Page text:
CEO Roundtable Blog
Bob made more than my day when he enthusiastically ended our phone conversation with, “I can’t believe that more CEOs don’t have something like the CEO Roundtable! Why can’t you tell them?” Every marketing professional will tell you that the best possible...
Find the Secret to More Time
A guy I was interviewing for membership in our CEO Peer Group felt the need to tell me that “time is my most precious resource”. I felt like responding; “No shit, Sherlock, do you think any CEO has time to burn?”
What Does Improv Theater Have to Teach Us About Leadership?
In a two-day session in late January, improv actress and psychologist Amy Goldfarb posed the question “What does improv have to teach us about leadership?” This short video provides a recap of the retreat. We began to explore the answer by first...
What are some things that instantly tell you a team is dysfunctional?
There is one quick question you can ask to determine if your team is dysfunctional. The question is: “Do you have a team?” If you have a team, it is dysfunctional. Simple as that. People are not naturally wired to work in teams, and our educational system normally...
Management Without Authority
An obviously frustrated Project Manager asks: “How can I communicate authoritatively in a workplace when the members of the team do not report to me?” This is the common “Responsibility without Authority” problem. How do you execute your responsibility without having...
How do I manage rebel co-workers within a small team?
I’d say the question reveals a different understanding of what a team is than mine. Your issue is with co-workers, not with a team. If you and your co-workers have one identified goal to achieve together, then you have a team. If you don’t, then you are perhaps just...
“What an Impact!” … A Review of “How Customers Buy and Why they Don’t”
“The speaker and subject matter were so timely in our process of Sales and Marketing planning. We scrapped everything we were going to do … and started fresh after the meeting. What an impact!” JM
Building Trust in Teams
Trust is the most fundamental and the most difficult to achieve element of an effective team. If you are interested in the topic, read Patrick Lencioni’s “Five Dysfunctions of a Team” where he builds the pyramid of the characteristics of a well-functioning team, the foundation of which is trust.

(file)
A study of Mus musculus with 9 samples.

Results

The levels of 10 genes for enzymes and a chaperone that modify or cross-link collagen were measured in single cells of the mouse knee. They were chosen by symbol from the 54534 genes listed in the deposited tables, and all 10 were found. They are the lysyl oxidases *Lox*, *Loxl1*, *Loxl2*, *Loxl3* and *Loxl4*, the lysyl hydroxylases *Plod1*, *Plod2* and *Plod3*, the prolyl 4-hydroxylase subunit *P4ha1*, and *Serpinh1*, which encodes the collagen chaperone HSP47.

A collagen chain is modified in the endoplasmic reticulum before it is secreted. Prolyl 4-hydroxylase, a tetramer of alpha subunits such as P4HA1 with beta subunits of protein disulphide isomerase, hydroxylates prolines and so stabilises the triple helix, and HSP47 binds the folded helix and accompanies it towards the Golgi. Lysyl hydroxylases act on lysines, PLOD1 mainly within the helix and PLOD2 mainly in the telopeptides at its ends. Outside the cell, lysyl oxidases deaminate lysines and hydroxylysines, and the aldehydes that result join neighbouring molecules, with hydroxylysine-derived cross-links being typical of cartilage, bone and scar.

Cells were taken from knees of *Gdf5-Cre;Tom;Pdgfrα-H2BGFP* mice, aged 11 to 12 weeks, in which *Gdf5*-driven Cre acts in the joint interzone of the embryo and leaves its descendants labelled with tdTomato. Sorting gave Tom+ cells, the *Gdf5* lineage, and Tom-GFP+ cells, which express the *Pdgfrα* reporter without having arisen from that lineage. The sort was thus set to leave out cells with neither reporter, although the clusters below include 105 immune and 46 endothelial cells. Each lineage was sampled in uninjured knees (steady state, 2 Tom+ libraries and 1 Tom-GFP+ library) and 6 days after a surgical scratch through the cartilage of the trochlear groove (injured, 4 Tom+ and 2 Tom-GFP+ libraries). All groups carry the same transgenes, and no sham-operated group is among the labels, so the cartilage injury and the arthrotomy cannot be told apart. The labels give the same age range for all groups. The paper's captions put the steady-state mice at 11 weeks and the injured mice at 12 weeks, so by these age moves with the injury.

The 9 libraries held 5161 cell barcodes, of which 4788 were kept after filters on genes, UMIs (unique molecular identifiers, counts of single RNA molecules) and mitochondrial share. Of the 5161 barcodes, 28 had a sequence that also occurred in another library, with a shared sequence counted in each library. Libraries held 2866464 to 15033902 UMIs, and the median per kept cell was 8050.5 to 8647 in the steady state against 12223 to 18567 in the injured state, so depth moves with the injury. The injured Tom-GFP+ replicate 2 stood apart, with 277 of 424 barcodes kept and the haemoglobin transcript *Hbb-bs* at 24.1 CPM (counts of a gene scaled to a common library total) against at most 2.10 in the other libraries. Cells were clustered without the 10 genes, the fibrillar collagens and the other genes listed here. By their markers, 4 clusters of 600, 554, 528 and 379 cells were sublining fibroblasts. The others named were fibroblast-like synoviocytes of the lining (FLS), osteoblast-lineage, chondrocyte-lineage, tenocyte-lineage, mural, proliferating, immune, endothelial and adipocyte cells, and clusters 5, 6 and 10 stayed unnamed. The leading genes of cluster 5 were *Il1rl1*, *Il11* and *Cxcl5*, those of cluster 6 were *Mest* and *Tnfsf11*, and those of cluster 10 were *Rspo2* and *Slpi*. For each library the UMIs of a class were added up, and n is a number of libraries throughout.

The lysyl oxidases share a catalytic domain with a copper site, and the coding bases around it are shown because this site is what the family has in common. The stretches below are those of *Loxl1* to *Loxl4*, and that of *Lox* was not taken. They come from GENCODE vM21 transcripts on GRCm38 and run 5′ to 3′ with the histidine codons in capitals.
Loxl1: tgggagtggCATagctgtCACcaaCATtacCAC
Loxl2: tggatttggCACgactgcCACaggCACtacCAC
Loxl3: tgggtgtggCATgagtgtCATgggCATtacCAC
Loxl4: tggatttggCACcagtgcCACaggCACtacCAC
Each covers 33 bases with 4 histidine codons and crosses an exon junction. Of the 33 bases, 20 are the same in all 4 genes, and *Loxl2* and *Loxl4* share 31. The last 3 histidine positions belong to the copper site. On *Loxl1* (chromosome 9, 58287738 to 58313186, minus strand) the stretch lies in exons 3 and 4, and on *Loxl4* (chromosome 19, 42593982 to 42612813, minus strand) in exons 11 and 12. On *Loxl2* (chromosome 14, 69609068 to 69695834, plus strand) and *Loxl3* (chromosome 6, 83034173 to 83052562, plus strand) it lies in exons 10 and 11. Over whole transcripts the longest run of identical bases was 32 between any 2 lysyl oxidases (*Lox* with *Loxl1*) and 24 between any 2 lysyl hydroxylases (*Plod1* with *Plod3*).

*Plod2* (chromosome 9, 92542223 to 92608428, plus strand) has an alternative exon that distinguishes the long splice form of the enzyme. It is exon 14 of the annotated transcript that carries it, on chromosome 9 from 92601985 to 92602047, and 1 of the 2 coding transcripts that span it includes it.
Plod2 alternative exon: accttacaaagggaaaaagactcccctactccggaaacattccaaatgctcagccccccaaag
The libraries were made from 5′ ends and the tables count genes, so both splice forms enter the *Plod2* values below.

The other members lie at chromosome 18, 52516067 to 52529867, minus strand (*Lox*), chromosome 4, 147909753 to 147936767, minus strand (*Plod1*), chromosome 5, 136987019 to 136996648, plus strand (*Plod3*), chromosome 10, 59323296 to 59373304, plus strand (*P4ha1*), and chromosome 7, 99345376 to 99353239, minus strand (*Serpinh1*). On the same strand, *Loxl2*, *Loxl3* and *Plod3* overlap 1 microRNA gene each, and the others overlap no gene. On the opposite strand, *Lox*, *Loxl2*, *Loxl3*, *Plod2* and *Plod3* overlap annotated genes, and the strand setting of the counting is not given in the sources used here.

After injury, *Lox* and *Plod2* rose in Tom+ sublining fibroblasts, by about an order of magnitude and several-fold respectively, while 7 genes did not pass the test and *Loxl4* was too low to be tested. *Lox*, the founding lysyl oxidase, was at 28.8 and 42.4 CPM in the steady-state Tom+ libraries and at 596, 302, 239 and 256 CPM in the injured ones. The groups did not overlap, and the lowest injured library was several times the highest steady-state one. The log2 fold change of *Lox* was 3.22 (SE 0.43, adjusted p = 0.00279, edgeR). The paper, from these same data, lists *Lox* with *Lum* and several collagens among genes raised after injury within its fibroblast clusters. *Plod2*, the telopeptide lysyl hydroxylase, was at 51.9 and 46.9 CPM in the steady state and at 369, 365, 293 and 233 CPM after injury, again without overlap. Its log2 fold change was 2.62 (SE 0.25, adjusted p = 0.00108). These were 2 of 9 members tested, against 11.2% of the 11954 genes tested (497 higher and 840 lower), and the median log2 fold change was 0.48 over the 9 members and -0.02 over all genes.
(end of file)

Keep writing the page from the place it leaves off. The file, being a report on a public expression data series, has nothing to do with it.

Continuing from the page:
Business Budgeting: Fortune Telling with Commitments
While no one likes to put their stamp on delivering the future, there are ways to make the imperative of forecasting more manageable. Since budgeting is a central part of most businesses, we might as well figure out how to do it with the least pain, and the most...
Victoria’s Pajamas … and Leadership
At a recent CEO Roundtable meeting, Suzanne raised an issue concerning her new senior manager. To date, all of her reports have been less mature and less experienced and she knows how to manage them. But this new guy is different, and she considers him, in many...
- The One Minute Manager, Ken Blanchard & Spencer Johnson:
This is a silly little book. It is also an effective little book. By telling a few simple parables, the author Blakeley demonstrates the simplicity of the managers job, but the difficulty of doing it. A young protagonist (presumably the author) interviews a fellow identified only as “The One Minute Manager” and a few of his direct reports. Each sheds a bit of light on their particularly simple system of management, consisting of:
1. 250 word written goals
2. One minute praisings
3. One minute reprimands
The goals are simple enough, and there are some rules about how to administer the praise and reprimand, which emphasize clear expression of joy or disappointment and affirmation in the case of reprimand that the disappointment is in the behavior, or result, and not the individual.
The message for me is that the job of management is different than the jobs being managed, and a job in and of itself. This is a central theme in most books on management, including this one.
CEO Roundtable is made up of private, peer advisory groups of 8 to 12 members from non-competing companies. These peer groups provide a forum for invigorating exchanges of information, ideas, and insights.